Product knitters are more focussed on completion, process knitters savour the activity of knitting. Process knitters hate finishing and sewing up, and can leave projects unfinished for months while they get on with other knitting. Product knitters can't wait to finish the items on their needles so they can start enjoying wearing their knitting.
The product knitter in me loves finishing - that is when everything comes together and I can finally see how my new item of clothing looks and fits. It probably also helps that hand sewing reminds me of my childhood, when I used to spend many happy hours piecing together tiny clothes for my dollhouse dolls. Hand sewing for me is play, not drudgery.
I knit mainly to make things for me to wear (I'll admit it, I'm a thoroughly selfish knitter). And since I mostly wear skirts and dresses, I have to knit skirts and dresses. You have to be a product knitter to even consider knitting dresses. They must be the most boring item to knit ever, involving miles and miles of stockinette. Yet I went ahead and knit two dresses this year. I started one in alpaca early this spring, and then when it was time to set aside winter fibers I immediately started another one in hemp.
I finished the hemp one and blogged about it back in June. I picked up the alpaca again in September and finally finished a few days ago. The pattern is Still Light Tunic by Veera Välimäki - knit from the top down, it has a fitted raglan top with pockets tucked into folds on the front. The pattern is well written and the styling is ingenious and flattering.
|Like all good patterns, this one includes a schematic|
I knit my Still Light in the yarn the pattern calls for - Drops alpaca - a very affordable Norwegian yarn available in a brilliant range of colours. I get mine from Scandinavian Knitting Design. The yarn has recently gone up from £2.99 to £3.15 for a 50g ball, but even with today's prices this dress used less than £30 worth of yarn. Personally, I see no reason why knitted items should cost less than store bought - but it doesn't hurt.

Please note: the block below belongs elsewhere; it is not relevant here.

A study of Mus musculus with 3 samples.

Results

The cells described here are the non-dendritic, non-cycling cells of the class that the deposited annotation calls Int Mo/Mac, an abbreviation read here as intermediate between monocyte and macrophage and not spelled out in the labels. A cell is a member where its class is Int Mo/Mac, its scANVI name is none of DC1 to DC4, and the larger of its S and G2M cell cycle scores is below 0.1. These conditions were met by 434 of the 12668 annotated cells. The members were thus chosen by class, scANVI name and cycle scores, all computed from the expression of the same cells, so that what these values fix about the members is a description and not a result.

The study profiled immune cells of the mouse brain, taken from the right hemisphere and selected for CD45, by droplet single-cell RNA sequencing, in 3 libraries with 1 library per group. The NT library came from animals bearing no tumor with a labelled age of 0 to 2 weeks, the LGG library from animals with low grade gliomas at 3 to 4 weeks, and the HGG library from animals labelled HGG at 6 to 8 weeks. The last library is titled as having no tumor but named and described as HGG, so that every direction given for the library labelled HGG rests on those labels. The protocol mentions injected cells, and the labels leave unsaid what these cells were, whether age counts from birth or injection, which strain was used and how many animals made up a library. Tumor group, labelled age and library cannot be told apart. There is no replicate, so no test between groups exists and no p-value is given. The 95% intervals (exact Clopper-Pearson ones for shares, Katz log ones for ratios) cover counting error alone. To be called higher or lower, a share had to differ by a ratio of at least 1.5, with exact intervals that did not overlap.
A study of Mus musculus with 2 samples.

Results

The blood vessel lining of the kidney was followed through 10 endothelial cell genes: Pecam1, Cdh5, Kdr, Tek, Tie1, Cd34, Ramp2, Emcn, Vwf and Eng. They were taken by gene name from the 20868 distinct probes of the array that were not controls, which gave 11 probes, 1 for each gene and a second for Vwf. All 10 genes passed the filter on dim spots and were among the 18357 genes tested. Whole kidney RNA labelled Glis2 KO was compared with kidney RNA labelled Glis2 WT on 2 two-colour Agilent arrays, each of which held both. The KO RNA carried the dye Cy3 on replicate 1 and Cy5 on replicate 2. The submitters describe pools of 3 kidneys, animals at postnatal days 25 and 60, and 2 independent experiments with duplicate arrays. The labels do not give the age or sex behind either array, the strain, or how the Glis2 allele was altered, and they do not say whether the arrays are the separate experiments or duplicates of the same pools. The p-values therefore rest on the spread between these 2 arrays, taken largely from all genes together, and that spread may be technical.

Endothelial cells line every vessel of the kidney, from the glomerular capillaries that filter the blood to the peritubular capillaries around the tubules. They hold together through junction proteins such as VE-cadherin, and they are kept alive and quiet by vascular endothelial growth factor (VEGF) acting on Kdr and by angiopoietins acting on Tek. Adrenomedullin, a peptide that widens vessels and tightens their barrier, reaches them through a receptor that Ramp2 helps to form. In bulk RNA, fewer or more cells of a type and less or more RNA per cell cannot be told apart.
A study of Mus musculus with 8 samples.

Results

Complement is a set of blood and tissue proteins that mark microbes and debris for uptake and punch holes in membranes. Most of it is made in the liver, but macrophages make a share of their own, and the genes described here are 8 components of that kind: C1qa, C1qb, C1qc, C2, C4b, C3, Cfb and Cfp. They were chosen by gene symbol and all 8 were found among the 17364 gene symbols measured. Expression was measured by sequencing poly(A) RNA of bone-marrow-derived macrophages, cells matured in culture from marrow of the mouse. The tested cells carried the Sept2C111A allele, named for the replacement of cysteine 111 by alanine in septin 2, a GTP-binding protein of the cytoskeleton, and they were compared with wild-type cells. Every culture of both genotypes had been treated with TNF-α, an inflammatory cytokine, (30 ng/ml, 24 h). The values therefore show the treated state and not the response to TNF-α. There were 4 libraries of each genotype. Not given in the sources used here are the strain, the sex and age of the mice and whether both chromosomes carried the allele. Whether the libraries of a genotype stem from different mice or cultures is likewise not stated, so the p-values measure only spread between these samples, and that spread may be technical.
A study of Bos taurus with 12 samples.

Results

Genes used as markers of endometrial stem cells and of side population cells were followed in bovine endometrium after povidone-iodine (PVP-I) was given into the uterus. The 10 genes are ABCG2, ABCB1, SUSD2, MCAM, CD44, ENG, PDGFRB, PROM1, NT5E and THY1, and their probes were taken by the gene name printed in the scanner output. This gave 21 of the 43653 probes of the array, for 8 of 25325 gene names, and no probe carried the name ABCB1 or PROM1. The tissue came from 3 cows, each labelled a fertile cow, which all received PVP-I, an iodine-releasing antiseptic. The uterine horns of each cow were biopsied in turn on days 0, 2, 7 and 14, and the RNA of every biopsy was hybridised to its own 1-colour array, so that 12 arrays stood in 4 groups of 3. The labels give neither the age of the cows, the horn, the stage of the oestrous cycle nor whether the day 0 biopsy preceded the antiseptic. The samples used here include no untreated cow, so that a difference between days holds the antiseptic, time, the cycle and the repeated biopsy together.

I chose teal, to match a button I bought at La Droguerie in Paris.
All told, it probably only took me a couple of months of knitting, with a long summer hiatus in between start and finish. The worst part (as always) was the sleeves. I absolutely hate knitting sleeves. They are usually the last part of a garment to be knit, and by the time I get to them I am thoroughly fed up with the project and just want to be done already. I was slightly tempted to leave the dress sleeveless, but it wouldn't have been very practical in alpaca, so I soldiered on.
I had to redo the cuffs several times because I didn't measure the sleeve length correctly. I did the first one too short, redid it, and then did the second one too short as well. And then, when I went to undo the second sleeve, I mixed them up and undid the first sleeve instead! D'oh! There was only one good thing about these sleeves - they are 3/4 length, so at least I didn't have to knit all the way down to my wrists.
|My Northern Light|
But oh, the joy when everything was done, the project was blocked, and I could admire my brand new dress. I wish I could have worn it immediately, but it is still too cosy for this time of year. I probably won't be able to resist wearing it to Yarn School in Glasgow this weekend. It's cold and wet up north, and with any luck the venue (quite appropriately a church designed by Charles Rennie Mackintosh) will be suitably drafty.